How to write a great blog post

This post explains how to blog. Great blog posts have a few things in common, notably they are readable, interesting to read and discoverable. Why am I mentioning this? We’ll I’ve been blogging for a number of years now and I keep getting people contacting me to ask what they should write to enter the TechEd Challenge to win a fully funded TechEd Europe Place.


The first and foremost thing is to make sure you are writing your article to be read by a human being. Yes it’s true that everywhere you look you’ll find articles that encourage you to write “SEO friendly” content, and there must be some of that, but ultimately your content needs to be understandable by a human being. Actual flesh, skin, bones and brain read great blog posts – not robots. That is what we are after – something that people can read. There are few things here that matter, the first is that you need to remember what you learnt about writing at school, grammar, punctuation and spelling. Obviously you want your post to have the correct spellings in don’t you – there isn’t a lot of excuses with spell check built into the OS these days.

The next thing you need to remember about the spelling, punctuation and grammar stuff is not to worry about it too much. I prefer to read blog posts that are written conversationally, just like this post is. I feel that it portrays much more of the writers personality and if you think that throwing in a bit of slang is a way to get your personality across then do what you need. I also prefer to keep the swearing to an absolute minimum – not that I do day to day – but it can be off putting to read F*** this and that. Chances are that for this competition you don’t want to portray that kind of persona either.

We work in a world where acronyms surround us all the time, it could be VBC, TBC, DNS, DHCP or ACK. Not everyone understands those acronyms so try to expand them the first time you use them for example I’d expand VBC to Visible Butt Crack (VBC) above, and so on. The second time I’d just use VBC. You might also want to link the word to a definition.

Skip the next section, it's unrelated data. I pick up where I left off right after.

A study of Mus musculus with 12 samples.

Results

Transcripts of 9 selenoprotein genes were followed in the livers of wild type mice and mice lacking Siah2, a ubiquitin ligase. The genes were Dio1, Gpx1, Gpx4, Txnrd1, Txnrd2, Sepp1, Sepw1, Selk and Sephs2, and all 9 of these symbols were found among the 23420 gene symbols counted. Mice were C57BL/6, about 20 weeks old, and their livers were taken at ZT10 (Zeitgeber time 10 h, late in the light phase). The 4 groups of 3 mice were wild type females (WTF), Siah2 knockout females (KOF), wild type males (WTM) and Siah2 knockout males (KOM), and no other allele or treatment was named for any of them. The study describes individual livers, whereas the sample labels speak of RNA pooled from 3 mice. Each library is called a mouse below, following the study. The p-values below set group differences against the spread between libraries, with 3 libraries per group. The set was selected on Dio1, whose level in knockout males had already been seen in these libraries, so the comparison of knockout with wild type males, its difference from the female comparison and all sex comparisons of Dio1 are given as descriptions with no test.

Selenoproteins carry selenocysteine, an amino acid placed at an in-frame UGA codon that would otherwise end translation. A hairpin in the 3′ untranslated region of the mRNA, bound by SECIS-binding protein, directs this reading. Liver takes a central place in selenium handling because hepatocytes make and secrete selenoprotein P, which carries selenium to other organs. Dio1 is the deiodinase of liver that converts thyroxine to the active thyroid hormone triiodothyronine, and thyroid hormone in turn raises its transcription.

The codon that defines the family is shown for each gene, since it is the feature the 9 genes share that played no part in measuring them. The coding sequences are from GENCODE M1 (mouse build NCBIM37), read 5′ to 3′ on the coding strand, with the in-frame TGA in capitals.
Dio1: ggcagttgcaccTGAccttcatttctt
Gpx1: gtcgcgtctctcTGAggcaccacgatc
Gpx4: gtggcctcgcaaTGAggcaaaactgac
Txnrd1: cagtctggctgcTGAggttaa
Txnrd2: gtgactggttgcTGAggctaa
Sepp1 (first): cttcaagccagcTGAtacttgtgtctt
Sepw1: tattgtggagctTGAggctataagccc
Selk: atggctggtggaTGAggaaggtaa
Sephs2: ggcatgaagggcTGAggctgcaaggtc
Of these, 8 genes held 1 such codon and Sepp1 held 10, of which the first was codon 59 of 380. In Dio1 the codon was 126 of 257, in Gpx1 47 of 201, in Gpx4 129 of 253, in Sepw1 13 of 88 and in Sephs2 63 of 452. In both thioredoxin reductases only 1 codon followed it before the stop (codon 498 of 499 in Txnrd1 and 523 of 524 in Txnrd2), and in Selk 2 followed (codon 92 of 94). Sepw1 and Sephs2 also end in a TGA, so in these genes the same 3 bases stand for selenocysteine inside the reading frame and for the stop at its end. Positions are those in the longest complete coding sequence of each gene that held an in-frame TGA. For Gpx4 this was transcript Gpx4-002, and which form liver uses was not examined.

The next step towards a great blog post is the more complicated one. Making it interesting.

We’ve asked for reviews of Windows Server 2012 but to just review the product like the thousands of journos who’ve done the same would be a sub par effort. Those dudes do it every day so to get seen you need to be more creative. How about explaining how you used Windows Server 2012 to solve a problem; how you built your lab; how you won some business; how you replaced VMware; how you replaced Linux; how you hosted Linux vms on Hyper-V; how you love Dedup; how you love DHCP failover and clustering….the world is your oyster. Readers will appreciate your story and so will the judging panel. They will also appreciate inspiration so make sure the post gives them something to go and do after they’ve finished reading it…make them want to comment and subscribe.

Robots + Humans…

Back to the final thing, make it discoverable. Include a density of keywords in your first paragraph – this is that SEO thing which really does matter. Make it obvious in the first 156 chars as to what the post is about…if you are wondering why it’s because that’s what search engines use as the description that people see in results. Do the same with the title, here you have half the char count though, make the title of the article something that people want to click, but don’t link bait. Link bait is something that pertains to be something it’s not.

The final point on making it discoverable, be sure to reuse your keywords throughout the post – this post is about writing great blog posts. I’ve used that phrase enough (there I did it again) that it’s not offputting. If you’re talking about a Windows Server 2012 review, be sure to mention Windows Server 2012 a few times and not WinSvr or 2012.

All that said, you have what you need to enter the TechEd Challenge to win a fully funded TechEd Europe Place.


  1. Simon – a great post on posting!
    Our blog at is well overdue a post or 6 and too many in drafts – that’s a tip from me, just get it out there even if only partial, split into parts, etc. better to generate discussion than languish in drafts!
    Hopefully see you in Madrid!

  2. I always try to be as visual as possible. Including quirky images that get across an emotion of how the topic made me feel. Screenshots of stuff if its software I’m writing about so people can quickly scan the page and see if the thing I’m doing is the same as them without having to read every word I’ve written.
    As for getting content written – My mantra is never try to force people or yourself to write something because you need some content on topic x. People can smell authenticity, or a lack of it, a mile away. Occasionally you can spur someone or yourself to write that blog post they’ve been planning for a while at the right time, but when the motivation to have a blog is about writing stuff you think is cool and feel passionate about in the first place, you can usually tell when it’s been forced. After all, we aren’t professional writers. We’re enthusiastic amateurs and it’s a labour of love.